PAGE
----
There’s a hard sell for recruiters, and it’s known as the “lateral move.”
How can you convince that Sales Manager that this management position would be better for them in the long run, even if it doesn’t have a title that is quite as forthright and may not be 100% sales focused?
Glassdoor and Lisa Alteri, Chief People Officer for Kraft Heinz U.S., has a few ideas. They want candidates to follow their curiosity and be honest about what they want—which is all well and good, but first, as a recruiter, it’s your job to dismantle years of ingrained expectations.
Once you get a psych degree (jokes) and have stopped hyperventilating (probably not a joke), you realize that the key to presenting your “side step” argument is simple. Instead of fighting against the “every job change should be a promotion” fallacy, connect with your candidate on a personal, honest level and appeal to them using logic.
You’re recruiting that position, so you know the company and what they want. Communicate the clear pros to your future placement, and let them know that there is more space to grow in this new role. Who wants to be at the same job for forty and fifty years, doing the same thing every day and watching the minutes tick by?
If your candidate is willing to pivot away from their current area of work, they’re not losing that experience—they’re showing they have a multitude of skills that can be utilized in all aspects of the company, instead of just being the go-to person for one single function. Any person that has ever stepped foot in an Econ class can tell you the importance of “diversifying,” so it’s your duty to pass that message along to your candidate.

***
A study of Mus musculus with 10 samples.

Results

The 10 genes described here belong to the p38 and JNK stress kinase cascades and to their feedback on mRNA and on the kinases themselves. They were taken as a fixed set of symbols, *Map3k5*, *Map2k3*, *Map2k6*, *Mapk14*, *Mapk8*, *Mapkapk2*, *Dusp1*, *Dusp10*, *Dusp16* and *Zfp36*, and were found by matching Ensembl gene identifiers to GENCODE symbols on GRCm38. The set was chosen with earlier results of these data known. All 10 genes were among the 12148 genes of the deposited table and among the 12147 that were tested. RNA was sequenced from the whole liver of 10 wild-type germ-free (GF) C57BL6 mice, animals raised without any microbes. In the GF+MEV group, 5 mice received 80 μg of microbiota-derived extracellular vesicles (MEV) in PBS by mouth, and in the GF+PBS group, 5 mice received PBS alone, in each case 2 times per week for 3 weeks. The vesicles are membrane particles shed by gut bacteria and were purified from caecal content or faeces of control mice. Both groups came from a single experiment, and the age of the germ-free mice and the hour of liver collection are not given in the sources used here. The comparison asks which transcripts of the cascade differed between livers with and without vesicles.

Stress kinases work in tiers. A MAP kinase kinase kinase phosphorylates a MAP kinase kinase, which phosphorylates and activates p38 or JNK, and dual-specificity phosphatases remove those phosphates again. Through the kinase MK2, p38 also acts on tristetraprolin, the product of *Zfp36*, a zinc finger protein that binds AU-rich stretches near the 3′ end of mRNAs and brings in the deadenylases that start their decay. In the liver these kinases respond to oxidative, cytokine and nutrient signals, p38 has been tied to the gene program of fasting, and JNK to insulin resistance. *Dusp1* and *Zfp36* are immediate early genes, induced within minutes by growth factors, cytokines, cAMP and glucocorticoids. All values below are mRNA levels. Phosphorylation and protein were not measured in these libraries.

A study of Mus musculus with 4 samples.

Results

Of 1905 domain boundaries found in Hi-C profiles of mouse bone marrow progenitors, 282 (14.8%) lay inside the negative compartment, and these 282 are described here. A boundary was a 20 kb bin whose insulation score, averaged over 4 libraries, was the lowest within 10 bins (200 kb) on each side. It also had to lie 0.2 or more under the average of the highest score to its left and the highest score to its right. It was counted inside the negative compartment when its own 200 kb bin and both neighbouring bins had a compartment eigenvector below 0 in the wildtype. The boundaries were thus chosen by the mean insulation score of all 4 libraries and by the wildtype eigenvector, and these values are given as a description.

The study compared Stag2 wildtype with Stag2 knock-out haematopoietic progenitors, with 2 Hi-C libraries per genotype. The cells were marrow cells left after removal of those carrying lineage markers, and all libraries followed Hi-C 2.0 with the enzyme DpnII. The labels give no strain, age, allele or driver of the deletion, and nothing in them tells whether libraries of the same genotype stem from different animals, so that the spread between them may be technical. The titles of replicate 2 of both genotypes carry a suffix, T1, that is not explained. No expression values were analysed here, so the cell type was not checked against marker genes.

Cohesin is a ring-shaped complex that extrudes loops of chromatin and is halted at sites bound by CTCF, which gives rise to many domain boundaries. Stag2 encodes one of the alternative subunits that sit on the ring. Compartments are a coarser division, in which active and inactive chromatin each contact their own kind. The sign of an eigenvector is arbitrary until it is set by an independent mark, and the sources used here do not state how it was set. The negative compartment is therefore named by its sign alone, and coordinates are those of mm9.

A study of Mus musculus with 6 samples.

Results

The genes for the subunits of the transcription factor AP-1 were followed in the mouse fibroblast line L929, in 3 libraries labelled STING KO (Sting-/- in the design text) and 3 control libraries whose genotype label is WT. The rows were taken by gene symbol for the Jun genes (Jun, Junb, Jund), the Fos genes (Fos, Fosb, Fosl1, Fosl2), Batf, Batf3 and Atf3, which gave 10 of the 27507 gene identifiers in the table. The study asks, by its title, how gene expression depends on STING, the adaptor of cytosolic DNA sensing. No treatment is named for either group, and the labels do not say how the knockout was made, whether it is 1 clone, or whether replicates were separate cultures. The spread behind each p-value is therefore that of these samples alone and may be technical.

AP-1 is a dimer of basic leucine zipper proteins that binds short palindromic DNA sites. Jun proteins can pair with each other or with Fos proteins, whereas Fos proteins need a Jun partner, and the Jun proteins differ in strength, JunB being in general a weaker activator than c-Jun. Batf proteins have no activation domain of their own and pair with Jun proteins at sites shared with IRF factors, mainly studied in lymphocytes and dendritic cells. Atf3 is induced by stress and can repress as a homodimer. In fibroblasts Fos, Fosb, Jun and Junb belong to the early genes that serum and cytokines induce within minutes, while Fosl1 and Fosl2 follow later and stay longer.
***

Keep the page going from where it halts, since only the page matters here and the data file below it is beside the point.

Everyone’s career path is different.
Encourage your candidates to take the leap if they truly feel like it would make them a more productive and happy employee. Not all of us are lucky enough to fall into our dream jobs at the start of our adult life, so we shouldn’t hold our candidates to that flawed idea either. The key is to keep finding things that keep you motivated and stave off that Monday monotony.
I’ve seen that concept demonstrated firsthand. Within my own department, we’ve seen major shifts in focus during our personal careers. One of my teammates went from being in the beverage game to slaying the marketing game, one went from hospitality to managing people, and even I went from project planning to recruitment marketing. Those aren’t cons on our resumes—it shows we’ve had pages and pages of experiences and more than a few successes to show for it.
I was kidding about the psych degree, but there really is a benefit to not holding yourself to outdated, traditional career guidelines. We’re all about creating the “new” here at Kinetix—new ways to find passion, new methods of getting our clients’ results, and most importantly, finding new talent to bring to your team. The new doesn’t scare us, and neither does out-of-the-box thinking when it comes to solid solutions or finding the right candidate who is willing to make awesome lateral moves.